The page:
Putting John Parkinson Back on the Map: Interview with Iconic Vision Author Stephen Gee


Author Stephen Gee

When TV producer Stephen Gee, left, started hearing the name “John Parkinson” over and over on the L.A. Conservancy tours he was taking of downtown Los Angeles, he decided to find out more.

Gee, who is British, had just started working in the neighborhood when he ducked into the public library to find a picture of Parkinson, the man he learned was responsible for many of the beautiful downtown buildings that still stand today. His request for the John Parkinson section was met with a blank stare.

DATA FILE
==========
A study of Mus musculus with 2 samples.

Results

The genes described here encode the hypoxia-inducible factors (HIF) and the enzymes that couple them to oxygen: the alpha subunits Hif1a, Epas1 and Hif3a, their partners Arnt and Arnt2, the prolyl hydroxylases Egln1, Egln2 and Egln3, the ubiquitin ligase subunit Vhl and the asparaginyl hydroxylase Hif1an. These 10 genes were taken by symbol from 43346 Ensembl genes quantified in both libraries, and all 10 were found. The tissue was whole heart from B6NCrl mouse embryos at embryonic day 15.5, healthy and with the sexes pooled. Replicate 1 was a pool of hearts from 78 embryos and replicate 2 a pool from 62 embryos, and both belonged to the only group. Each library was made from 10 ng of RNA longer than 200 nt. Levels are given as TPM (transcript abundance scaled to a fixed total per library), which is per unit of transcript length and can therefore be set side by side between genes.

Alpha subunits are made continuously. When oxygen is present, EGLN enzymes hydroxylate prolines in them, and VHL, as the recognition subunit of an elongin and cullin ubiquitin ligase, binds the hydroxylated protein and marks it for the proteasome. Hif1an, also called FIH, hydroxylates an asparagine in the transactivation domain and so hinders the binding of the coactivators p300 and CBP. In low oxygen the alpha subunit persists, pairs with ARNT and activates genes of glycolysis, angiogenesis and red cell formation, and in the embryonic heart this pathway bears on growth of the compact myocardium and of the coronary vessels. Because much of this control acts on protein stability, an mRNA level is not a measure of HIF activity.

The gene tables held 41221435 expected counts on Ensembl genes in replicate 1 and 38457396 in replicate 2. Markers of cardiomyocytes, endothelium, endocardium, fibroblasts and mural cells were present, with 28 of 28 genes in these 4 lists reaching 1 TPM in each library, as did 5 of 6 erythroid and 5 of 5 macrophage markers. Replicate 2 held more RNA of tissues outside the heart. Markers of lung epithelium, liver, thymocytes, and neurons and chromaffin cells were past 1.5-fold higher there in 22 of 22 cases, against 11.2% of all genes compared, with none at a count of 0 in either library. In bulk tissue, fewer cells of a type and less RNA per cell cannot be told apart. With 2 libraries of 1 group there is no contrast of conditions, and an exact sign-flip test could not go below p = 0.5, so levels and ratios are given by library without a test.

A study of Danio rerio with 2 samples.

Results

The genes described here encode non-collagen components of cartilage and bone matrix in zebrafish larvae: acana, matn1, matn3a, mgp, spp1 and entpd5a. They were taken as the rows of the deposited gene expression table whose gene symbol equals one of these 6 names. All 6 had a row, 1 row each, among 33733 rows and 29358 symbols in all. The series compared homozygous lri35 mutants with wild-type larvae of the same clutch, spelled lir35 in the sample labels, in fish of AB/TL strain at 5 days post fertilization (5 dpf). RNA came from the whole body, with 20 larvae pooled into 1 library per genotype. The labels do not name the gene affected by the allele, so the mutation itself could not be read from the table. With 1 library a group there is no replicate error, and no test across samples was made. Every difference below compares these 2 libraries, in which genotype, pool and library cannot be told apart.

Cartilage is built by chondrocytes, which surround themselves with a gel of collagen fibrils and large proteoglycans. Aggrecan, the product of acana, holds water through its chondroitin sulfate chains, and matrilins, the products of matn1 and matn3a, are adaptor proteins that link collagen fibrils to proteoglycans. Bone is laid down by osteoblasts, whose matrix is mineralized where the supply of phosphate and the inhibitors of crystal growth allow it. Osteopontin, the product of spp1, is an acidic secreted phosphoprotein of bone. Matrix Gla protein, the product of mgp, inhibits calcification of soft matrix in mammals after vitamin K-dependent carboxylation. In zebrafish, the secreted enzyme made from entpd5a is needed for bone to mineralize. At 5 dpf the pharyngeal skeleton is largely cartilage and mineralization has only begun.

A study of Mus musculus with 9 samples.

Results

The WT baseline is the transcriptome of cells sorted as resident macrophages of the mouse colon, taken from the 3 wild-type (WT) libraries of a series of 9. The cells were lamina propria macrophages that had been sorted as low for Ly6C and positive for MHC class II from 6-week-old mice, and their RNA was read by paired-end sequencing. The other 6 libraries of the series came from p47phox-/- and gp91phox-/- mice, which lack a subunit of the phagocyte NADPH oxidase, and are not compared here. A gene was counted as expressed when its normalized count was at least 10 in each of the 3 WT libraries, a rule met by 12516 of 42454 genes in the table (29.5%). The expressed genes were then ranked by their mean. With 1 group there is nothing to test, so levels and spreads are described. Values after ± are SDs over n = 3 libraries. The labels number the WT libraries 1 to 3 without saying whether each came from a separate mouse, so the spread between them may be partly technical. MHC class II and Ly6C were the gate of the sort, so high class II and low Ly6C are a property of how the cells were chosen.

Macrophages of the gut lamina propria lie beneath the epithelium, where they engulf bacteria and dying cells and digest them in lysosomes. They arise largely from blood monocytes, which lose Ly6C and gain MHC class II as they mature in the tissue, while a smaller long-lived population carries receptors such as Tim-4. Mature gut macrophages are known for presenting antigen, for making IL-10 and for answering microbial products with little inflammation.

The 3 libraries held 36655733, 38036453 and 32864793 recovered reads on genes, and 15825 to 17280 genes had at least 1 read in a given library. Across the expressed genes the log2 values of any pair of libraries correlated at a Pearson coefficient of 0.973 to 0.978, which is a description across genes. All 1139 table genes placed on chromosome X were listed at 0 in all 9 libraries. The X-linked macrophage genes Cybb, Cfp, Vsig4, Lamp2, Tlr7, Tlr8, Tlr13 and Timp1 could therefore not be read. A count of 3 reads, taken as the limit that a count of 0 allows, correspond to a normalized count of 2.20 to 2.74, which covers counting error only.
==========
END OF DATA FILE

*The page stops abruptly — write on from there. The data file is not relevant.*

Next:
Gee decided to change that. He began researching the fellow Brit who left an indelible imprint on the city, from Union Station to City Hall to Bullocks Wilshire to the L.A. Coliseum, and dozens of others to his credit. His resulting book is called “Iconic Vision: John Parkinson, Architect of Los Angeles” and has just been published by Angel City Press.

For our conversation, Gee lured me up to the top of City Hall just before sunset. (If you haven’t been yourself, you must!)

See Caroline Chamberlain’s interview with Stephen Gee, here.


Gee says even before he knew the architect of Bullock's Wilshire, he'd hope for a red light when he drove by so he could stare at its splendor.  Now, of course, it's a law school, not a department store.
Gee says even before he knew the architect of Bullocks Wilshire, he’d hope for a red light when he drove by so he could stare at its splendor. Now it’s a law school, not a department store.